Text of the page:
Midfield for Johns Hopkins men's lacrosse has been anchored by John Crawley

Johns Hopkins midfielder John Crawley (44) in action against Syracuse midfielder Mike Messina (21).
Johns Hopkins midfielder John Crawley (44) in action against Syracuse midfielder Mike Messina (21). (Daniel Kucin Jr. / For The Baltimore Sun)

John Crawley's three-goal outburst in No. 10 Johns Hopkins' 12-11 overtime win at No. 17 Penn State was especially timely as the junior midfielder scored the team's final two goals in regulation and the game-winner just 1 minute, 58 seconds into the extra session.

But Crawley has been a valuable contributor all season for the Blue Jays (7-4 overall and 2-1 in the Big Ten). He is the only player to start all 11 games in the midfield, which has lost sophomore Joel Tinney (suspension), and senior Connor Reed and freshmen Drew Supinski and Alex Concannon (knee injuries).


"It's been huge," coach Dave Pietramala said Wednesday of Crawley's unwavering presence. "It's been very important to have that stabilizing factor who knows the offense, knows the defense, knows the rides, knows the clears, understands the expectations of the coaching staff. That's all very important."

The 5-foot-11, 195-pound Crawley ranks third on Johns Hopkins in points with 22 and is tied for third in goals with 16. He has scored a goal in every contest but one this spring, but Sunday was his first hat trick since scoring four goals in a loss to Maryland in the semifinals of the NCAA tournament last May.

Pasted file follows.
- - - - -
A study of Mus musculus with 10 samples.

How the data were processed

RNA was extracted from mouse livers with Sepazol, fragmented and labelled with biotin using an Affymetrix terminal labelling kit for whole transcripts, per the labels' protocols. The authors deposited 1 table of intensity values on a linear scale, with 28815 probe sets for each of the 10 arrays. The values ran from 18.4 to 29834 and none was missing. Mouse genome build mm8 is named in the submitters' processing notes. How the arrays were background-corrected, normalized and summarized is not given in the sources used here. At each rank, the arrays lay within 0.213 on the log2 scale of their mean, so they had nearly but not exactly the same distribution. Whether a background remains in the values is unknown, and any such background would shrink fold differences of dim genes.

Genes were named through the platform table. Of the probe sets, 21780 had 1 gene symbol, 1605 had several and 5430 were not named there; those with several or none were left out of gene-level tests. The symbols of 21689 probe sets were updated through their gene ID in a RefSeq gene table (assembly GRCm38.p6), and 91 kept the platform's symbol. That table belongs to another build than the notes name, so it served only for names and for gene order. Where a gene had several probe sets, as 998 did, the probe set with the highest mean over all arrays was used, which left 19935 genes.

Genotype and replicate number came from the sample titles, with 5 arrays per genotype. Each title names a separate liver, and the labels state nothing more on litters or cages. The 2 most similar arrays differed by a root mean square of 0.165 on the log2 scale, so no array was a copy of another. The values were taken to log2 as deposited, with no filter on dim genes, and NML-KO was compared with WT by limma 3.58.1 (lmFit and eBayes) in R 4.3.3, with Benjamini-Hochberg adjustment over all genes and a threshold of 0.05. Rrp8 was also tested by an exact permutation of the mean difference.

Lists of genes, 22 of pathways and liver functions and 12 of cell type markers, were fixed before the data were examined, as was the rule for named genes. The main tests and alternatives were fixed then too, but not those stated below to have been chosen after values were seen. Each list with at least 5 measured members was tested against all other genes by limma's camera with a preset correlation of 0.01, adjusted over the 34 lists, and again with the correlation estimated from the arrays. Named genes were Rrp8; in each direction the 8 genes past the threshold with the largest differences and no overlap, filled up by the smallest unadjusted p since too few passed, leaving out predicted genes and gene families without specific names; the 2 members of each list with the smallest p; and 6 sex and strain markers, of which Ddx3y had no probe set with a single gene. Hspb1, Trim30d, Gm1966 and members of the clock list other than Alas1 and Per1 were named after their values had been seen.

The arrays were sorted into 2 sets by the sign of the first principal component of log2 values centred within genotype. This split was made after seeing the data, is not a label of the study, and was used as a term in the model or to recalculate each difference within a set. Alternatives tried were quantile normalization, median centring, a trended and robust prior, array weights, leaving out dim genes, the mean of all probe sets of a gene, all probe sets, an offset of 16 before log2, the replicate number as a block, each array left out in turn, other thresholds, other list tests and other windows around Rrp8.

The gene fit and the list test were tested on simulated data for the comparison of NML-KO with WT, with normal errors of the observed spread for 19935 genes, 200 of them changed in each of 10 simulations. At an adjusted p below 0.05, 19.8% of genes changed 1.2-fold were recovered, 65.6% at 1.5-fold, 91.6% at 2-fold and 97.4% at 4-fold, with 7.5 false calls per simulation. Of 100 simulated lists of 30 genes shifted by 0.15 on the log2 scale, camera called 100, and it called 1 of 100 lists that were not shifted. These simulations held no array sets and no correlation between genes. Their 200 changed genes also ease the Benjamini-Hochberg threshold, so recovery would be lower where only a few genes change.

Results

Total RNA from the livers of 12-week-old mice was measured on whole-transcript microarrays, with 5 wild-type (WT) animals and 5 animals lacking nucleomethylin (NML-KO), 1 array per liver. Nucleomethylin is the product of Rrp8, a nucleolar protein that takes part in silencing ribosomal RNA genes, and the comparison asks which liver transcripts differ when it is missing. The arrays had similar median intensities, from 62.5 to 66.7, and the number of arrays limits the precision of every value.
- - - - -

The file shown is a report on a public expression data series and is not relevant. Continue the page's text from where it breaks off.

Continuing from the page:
"John has never been a guy who's afraid of the moment," Pietramala said. "In the Final Four last year, we bumped him up to the first midfield, and he got four goals. It's important that you have guys who aren't afraid of the moment, and John thrives and looks forward to the moment."

Crawley is the only junior among the team's four captains, a group that includes senior attackman Ryan Brown (Calvert Hall), senior long-stick midfielder Derrick Kihembo and senior defenseman Matt O'Keefe. But Pietramala said Crawley has never been shy about leading the Blue Jays.

"He's been a very vocal guy since the day he arrived on campus," Pietramala said. "On the sideline, on the field, he's a leader by example. John's out there every single day. I saw him and [junior midfielder] Cody Radziewicz out there [Tuesday], and they were working on their shots within the motion offense, and those are two guys on their own. The tendency is to just go out there and shoot the shot you want, the shot that's fun.

"John and Cody were out there working on pick and repick and shooting shots on the run that they're going to get in a game. So I think the success that you're seeing John have is a direct reflection of what he puts into it. He's one of our hardest workers, he's one of our toughest guys. He's not the fastest guy, but he understands the offense and he understands what [assistant] coach [Bobby] Benson expects. So it's good to see a guy who puts the time in and the energy enjoy some success."